Hop, Hop, Hoppy

German Hops Association exhibit at the April Craft Brewers Conference

German Hop Growers Association exhibit at the April Craft Brewers Conference in Portland, Oregon

We hop heads love our IPAs. No offense to lager lovers, but the first sniff of a pilsner can’t compete in the aroma arena. Even a nicely roasted, chocolatety stout doesn’t inspire the same passion as a fine citrusy, floral, spicy or piney IPA. And that’s the thing: with over a hundred hop varietals, the olfactory combinations are nearly endless. Then, there’s that first sip, and the particular beer’s unique world of bitterness that opens up.

India Pale Ales are American craft beer’s most popular style and, as with all craft beer, brewers are constantly attempting to create The Next Big Thing. Craft brewers typically eschew the cost-lowering adjuncts (like rice and corn) used in macro beers like Budweiser and Miller. For some beers, craft brewers use fruit or spices, but basically, it just water, malted barley, hops and yeast. Hops are the multi-purpose workhorse, providing bitterness, aroma, all sorts of taste nuances and helping preserve beer and stabilize the head.

Sierra Nevada's Hoptimum

Sierra Nevada’s Hoptimum

As for bitterness, I suspect that, like me, most IPA enthusiasts can enjoy only so much of Sierra Nevada’s Hoptimum (100 IBU, 10.4% ABV, 5 hop varieties) or Green Flash’s Palate Wrecker (100+ IBU, 9.5% ABV, 3 hop varieties) in one sitting. Or, as Green Flash describes it, Palate Wrecker will “challenge and stun hop heads with an aggressive hop-forward attack. Your palate will recover, but you will remember that last round forever.” By comparison, a Budweiser has 12 IBUs, or International Bittering Units, and 5.0% Alcohol by Volume.

Regarding aroma and flavor, hoppy craft beers these days often contain at least two or three hop varieties. Add more than five or so, and the result is a lot like mixing a bunch of water color paints. So, most popular IPA recipes follow the Goldilocks formula: not too hoppy but not too bland; not too harsh but not too boring—and sales continue to rise.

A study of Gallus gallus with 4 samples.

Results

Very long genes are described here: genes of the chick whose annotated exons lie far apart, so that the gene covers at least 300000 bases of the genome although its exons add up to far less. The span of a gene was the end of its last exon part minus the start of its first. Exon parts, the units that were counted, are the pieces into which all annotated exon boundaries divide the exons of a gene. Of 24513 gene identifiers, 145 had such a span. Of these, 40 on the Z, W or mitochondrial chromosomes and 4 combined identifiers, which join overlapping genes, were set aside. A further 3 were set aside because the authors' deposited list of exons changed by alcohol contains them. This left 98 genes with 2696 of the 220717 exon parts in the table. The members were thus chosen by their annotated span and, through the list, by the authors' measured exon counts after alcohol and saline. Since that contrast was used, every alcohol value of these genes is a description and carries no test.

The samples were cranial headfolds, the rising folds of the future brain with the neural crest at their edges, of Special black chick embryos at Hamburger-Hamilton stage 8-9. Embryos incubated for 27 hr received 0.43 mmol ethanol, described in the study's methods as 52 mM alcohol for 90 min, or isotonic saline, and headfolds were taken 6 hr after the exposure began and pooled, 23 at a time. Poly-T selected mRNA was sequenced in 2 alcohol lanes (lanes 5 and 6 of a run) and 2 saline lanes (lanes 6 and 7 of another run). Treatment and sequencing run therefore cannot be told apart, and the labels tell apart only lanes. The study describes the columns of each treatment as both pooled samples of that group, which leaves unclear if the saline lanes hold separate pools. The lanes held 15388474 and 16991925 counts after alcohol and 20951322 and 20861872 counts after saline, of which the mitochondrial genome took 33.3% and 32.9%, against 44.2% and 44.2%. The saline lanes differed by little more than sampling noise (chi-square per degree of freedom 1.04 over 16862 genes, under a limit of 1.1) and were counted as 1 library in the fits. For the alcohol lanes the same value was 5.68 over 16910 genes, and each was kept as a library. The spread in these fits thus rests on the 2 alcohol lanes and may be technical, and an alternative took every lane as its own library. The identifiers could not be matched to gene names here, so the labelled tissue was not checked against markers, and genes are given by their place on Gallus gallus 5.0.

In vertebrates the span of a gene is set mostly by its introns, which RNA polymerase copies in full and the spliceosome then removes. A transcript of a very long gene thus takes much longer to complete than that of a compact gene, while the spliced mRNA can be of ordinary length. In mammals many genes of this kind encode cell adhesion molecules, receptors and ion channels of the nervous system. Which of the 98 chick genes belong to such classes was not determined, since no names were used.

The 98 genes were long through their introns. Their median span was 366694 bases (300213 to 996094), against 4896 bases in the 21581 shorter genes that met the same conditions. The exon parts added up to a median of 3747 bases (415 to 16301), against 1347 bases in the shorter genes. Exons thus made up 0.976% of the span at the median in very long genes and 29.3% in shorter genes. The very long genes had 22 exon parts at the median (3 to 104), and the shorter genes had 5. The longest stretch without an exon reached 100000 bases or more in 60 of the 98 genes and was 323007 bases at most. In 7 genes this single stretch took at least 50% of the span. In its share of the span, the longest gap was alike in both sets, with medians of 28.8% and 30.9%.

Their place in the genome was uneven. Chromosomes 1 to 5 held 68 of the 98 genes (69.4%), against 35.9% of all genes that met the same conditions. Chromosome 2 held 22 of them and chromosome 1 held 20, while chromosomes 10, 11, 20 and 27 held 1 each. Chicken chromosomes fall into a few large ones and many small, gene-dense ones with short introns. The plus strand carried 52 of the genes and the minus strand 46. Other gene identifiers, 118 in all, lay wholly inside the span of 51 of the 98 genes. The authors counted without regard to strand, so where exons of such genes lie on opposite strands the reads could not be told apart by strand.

Green Flash's Palate Wrecker

Green Flash’s Palate Wrecker

But, where do all those hops come from? And are there enough to supply the increasing demand? Germany, England and Australia are major hop-producing areas. In the U.S., the Pacific Northwest has been the primary hop-growing area since the onset of the craft movement. However, as Ann George, executive director of the Washington Hop Commission, notes in her December, 2014 article in The New Brewer Journal, hops are now grown increasingly in the Great Lakes, Midwest, Northeast and East Coast. Homebrewers in moderate climates sometimes grow their own hops.

The supply-and-demand balance of perishable hop cones is a delicate one. Before they plant, hop growers must anticipate the varieties that will be most in demand, something that has shifted dramatically in the last five years, according to George. Bittering hop demands have decreased, while aroma hop demands have increased. Mother Nature has a say, also. Too much heat (in the Northwest in 2014) can increase irrigation needs, scorch hop fields and raise production costs. Too much rain and cooler temperatures (in parts of the Northeast in 2014) can bring on downy mildew and devastate crops, as happened in the early 1900’s in New York State and in the 1950’s in Hopland, California.

A young Cascade hop plant in Leslie's garden

A young Cascade hop plant in Leslie’s garden

In an ideal world, each brewer would simply order his or her desired hops as needed. However, the harvest season, primarily August and September, is short and availability uncertain. The macro players like Anheuser-Busch and Miller-Coors forward contract much of their supply, assuring hop growers of a buyer and set price before they ever plant. Craft brewers who can are increasingly forward contracting, too, but the process isn’t simple and many must spot contract, taking what’s available and often paying high prices.* In The Brewers Association Forum Digest, a Monday-Friday email, almost every day, some brewery asks for hops help. Even Stone Brewing’s well-known and well-connected brewmaster, Mitch Steele, requested help with hop supplies in last Friday’s digest.

For now, the supply of certain hop varieties is tight, and no one knows what the future holds. The next time you sit down with that lovely, fragrant craft IPA–or that Miller Lite (12 IBU, ABV 42%)–take time to smell the hops and appreciate them.


*For more in depth and technical information on the topic, see “How to Estimate for your Forward Hop Contracts,” by Teri Fehrendorf.

Check out Northern Brewer’s video about Hopunion Hops and Brew School!